Crystallographie (Very Large Delta Printer)

 Anyone who has encountered a Fused Filament Fabrication (FFF) 3D printer for the first time must have watched the machine for a while to see how the 3D printer builds an object out of molten layers of plastic. However, in most cases, the printing process requires too much time to sit in front of the machine and observe the gradual deposition of layers.
 Crystallographie was an art installation project for which the main goal was to exhibit the on-site 3D printing of crystal-lattice-inspired artifacts. The project was a collaboration with a designer and an architect where my role was to reinterpret a delta-type 3D printer as an exhibitable object.
 The project focused on increasing the audience’s experience of the 3D-printing process by implementing multiple types of interactivity. The core concept that I provided was the construction of polyhedral shapes in response to parameter input from an audience to generate 3D models. The generated model is then sent to a 3D printer so that the audience can watch their design being materialized on site. The layer height and shell thickness were set to 0.6mm and 0.4mm to reduce the building time. As the object grows, the light from an LED bulb beneath the build plate passes through the object and thus changes the color of the space where the machine is installed.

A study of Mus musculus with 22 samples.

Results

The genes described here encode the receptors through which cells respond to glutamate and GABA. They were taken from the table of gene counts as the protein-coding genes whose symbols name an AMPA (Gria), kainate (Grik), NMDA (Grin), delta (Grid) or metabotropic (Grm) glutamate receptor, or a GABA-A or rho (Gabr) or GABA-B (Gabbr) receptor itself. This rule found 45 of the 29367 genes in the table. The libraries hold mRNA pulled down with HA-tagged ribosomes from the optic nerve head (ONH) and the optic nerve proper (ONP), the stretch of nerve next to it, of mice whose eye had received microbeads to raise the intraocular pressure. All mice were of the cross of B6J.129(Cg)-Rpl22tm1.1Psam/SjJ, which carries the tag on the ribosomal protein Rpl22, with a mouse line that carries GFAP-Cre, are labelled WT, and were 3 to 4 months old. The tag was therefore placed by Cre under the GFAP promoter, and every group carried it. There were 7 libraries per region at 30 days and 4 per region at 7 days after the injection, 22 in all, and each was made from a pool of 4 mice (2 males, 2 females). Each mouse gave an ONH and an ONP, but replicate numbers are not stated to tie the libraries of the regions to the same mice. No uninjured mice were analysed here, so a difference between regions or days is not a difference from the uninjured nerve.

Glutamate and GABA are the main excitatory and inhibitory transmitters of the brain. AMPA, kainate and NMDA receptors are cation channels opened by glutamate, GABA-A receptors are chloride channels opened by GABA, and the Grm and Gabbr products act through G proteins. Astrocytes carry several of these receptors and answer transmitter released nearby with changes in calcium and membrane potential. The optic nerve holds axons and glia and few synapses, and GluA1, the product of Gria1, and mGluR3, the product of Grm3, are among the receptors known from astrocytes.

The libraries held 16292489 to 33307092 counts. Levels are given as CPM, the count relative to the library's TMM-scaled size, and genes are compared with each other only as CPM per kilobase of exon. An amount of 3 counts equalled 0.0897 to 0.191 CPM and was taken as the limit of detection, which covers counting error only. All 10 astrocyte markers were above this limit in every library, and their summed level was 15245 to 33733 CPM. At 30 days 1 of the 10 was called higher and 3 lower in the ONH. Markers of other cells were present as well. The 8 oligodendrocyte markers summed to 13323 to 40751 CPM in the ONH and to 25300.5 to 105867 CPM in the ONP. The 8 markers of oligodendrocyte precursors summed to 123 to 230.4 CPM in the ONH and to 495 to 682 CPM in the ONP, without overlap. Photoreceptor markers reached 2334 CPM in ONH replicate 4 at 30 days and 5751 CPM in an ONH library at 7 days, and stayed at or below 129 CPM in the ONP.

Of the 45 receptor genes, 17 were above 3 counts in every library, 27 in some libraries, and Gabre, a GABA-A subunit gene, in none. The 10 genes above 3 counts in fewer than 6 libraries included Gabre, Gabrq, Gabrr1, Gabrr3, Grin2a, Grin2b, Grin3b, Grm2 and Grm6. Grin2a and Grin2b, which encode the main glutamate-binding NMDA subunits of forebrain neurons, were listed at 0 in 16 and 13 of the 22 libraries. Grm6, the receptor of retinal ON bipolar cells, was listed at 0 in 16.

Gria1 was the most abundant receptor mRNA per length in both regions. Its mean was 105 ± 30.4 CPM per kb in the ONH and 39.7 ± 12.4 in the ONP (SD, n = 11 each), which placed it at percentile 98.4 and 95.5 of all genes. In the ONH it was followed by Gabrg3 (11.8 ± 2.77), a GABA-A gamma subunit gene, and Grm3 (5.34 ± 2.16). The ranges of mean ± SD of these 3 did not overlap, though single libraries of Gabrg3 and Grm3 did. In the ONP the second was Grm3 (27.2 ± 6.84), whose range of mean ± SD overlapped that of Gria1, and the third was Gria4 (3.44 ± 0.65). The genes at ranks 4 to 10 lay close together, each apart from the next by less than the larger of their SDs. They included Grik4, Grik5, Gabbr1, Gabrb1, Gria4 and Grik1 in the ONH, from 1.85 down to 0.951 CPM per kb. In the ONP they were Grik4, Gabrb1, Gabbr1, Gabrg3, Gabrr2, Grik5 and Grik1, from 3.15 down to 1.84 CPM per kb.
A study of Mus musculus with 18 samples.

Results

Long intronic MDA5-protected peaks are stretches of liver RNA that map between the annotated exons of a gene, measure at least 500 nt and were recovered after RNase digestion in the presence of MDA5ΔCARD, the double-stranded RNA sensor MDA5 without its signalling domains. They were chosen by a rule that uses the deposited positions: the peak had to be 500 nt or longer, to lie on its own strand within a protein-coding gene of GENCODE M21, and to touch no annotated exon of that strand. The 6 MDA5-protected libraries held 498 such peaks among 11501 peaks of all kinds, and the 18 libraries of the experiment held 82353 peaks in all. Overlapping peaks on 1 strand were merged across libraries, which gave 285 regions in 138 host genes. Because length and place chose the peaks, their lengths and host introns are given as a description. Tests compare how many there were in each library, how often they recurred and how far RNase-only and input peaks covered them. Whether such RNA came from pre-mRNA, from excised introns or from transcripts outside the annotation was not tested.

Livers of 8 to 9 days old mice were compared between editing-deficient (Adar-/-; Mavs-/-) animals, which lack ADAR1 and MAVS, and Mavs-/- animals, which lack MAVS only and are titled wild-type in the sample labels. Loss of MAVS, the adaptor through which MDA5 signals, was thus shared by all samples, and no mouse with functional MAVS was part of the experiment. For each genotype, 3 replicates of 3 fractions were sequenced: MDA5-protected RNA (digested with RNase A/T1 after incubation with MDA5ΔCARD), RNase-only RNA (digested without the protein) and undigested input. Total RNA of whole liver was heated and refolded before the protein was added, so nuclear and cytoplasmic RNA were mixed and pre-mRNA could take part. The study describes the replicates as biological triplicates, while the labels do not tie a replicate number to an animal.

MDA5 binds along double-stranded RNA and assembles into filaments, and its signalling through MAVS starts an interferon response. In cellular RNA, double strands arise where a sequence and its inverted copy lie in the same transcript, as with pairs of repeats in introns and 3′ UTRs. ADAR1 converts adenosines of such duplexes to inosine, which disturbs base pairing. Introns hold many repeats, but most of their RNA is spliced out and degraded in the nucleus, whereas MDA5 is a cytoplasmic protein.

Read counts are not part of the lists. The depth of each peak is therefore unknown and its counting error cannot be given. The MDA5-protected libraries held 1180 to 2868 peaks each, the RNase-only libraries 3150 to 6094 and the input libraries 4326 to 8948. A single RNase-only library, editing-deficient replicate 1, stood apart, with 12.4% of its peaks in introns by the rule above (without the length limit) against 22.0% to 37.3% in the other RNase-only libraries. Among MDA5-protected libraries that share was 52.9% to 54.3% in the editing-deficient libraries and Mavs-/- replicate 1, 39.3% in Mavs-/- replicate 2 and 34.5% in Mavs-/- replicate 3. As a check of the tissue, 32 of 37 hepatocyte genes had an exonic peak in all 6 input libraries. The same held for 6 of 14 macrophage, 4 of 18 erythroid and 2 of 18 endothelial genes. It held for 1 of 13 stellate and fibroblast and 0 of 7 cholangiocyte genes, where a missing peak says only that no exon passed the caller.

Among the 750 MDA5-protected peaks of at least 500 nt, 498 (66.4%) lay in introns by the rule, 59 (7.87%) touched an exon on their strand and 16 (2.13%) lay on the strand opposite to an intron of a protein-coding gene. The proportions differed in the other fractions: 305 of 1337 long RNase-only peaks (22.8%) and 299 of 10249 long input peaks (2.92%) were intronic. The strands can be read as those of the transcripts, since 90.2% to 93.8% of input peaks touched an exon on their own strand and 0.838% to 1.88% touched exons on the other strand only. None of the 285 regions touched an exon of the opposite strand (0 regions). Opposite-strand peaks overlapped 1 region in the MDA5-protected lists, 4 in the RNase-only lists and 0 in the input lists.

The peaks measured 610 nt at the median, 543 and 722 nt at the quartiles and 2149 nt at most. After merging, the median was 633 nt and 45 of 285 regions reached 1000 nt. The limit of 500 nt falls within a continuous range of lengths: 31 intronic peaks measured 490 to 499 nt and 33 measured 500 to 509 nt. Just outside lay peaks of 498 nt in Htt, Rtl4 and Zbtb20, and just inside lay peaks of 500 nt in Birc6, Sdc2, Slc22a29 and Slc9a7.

The project was conducted in collaboration with Hyun Park (product designer) and Kate Cho (architect). My role was to develop the overall concept of the installation and to design and produce the mechanical parts and structure for the 3D printer. 

(left) Newly developed double platform minimizes filament friction in the tube due to large size of the machine.
(right) 3D printed joints combined with steel rod add structural integrity.

Crystallographie exhibition at Platoon Kunsthalle.

Ambient light changes as the object grows.